STOUGHTON PUBLIC LIBRARY RE-OPENS AFTER RENOVATION

Stoughton Public Library_Finegold Alexander_11

PRESS RELEASE | Published in the Library Journal’s publication Library Hotline

STOUGHTON PUBLIC LIBRARY RE-OPENS AFTER RENOVATION
Major renovation, 9,000 SF expansion brings library into 21st century to serve patrons of all ages

BOSTON, MASSACUSETTS – March 11, 2019 – The Town of Stoughton, Massachusetts and Finegold Alexander Architects are proud to announce that the Stoughton Public Library renovation and expansion is complete. The newly renovated library was opened to the public in December with great excitement from the community. The project included a major renovation of the former 22,000 SF structure expanding it to 31,000 SF, creating thoughtful program-driven spaces that are flexible, comfortable and welcoming to more effectively meet the demands of a growing population.

“The Town of Stoughton is thrilled to realize it’s dream of significantly improving our library,” said Pat Basler, Town of Stoughton, Library Director. “We are excited to share all of the incredible design and programmatic features with the community.”

“The Stoughton Public Library is unique because it has been designed for patrons of all ages,” said Finegold Alexander Principal, Ellen Anselone. “Singular features of the library speak to different populations, in the town’s mindful effort to truly serve its populace.”

The renovation provides an entirely new experience inside and out. The designers economically reused the existing structure and foundation, while adding a new second floor addition. The addition combines silver metal panel and generous glazing. Supported by a refreshed, accessible landscape design and terrace, the design creates the appearance of a completely new building. The second floor houses the adult reading room which extends over the new main street terrace creating visibility to the main road and the town green beyond.

The interior features an expanded atrium, allowing for additional daylight into both the enlarged adult collection and the entry gallery. The entry is adorned with a porcelain tile floor and a larger circulation desk with a quartz top.

The First Floor Children’s Area houses an enclosed craft and story hour space, and the reading area features flexible furniture options for creating multiple configurations for activity and study areas. For Young Adults, there is a separate, transparent yet enclosed space. Similar attention has been given to the adult reading room with comfortable, flexible furnishings and workstations in a variety of seating arrangements. The community room offers a variety of lighting options, new furnishings, and seating capacity for 200.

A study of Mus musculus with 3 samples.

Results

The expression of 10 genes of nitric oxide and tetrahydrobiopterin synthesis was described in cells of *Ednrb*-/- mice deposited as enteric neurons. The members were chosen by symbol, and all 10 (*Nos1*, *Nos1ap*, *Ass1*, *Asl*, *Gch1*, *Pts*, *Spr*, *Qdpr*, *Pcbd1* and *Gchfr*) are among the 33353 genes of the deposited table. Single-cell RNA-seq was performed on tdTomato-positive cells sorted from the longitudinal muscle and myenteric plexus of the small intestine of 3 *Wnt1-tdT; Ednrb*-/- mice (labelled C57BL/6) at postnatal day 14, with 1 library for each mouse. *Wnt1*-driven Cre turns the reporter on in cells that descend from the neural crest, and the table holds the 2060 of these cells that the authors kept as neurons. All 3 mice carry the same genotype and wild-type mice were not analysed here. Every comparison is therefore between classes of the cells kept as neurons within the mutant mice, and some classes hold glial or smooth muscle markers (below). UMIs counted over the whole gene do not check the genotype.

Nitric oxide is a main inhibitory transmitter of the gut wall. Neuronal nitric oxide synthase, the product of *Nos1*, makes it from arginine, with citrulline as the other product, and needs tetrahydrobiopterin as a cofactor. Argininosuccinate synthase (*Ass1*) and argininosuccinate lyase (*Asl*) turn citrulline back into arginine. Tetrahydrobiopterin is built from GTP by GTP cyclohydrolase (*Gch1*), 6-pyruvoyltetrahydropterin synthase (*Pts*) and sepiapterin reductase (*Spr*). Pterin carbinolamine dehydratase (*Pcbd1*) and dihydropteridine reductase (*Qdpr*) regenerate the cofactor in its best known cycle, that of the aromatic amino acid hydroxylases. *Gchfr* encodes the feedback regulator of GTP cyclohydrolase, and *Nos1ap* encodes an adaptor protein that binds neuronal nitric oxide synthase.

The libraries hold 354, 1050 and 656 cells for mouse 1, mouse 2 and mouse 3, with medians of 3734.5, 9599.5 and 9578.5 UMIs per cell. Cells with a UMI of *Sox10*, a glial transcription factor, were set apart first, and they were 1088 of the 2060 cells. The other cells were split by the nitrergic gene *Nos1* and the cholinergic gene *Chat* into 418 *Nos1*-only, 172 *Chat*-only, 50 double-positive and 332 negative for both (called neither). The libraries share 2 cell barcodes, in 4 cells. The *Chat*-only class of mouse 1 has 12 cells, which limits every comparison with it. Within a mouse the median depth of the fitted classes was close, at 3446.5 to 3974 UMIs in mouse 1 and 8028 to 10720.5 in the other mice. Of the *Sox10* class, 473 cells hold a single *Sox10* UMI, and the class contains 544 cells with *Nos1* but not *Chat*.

The building is now universally accessible and parking capacity has been increased by 20 spaces. New landscaping, signage and walkways complete the site work. All the systems have been upgraded or replaced with energy efficient components, including high performance VRF HVAC system, low flow water fixtures, room occupancy sensors for lighting economy, and recycled content low VOC carpet. Special glazing and window film, and sun shading are designed to limit solar gain. New security and technology will allow the library to manage with its current staff headcount.

History of the Library
The Stoughton Public Library originally opened its doors in 1969 with 22,000 SF and a capacity of 96,000 books. By 2006, the population of Stoughton was about 27,000 and projected to be 30,000 by the year 2030. The collection was already over capacity at 100,000 books, and the Library was unable to meet the demands for public technology and computer access, community and meeting spaces, and technology training. In addition, the library hosts an extensive 17-language adult literacy program and needed updating for universal accessibility. The existing 1969 library was well designed for its time with a large central stair, atrium, and clerestory windows throughout. The open plan was innovative and allowed the library to evolve for many years. With the advent of technology and the passage of time, the building became outdated.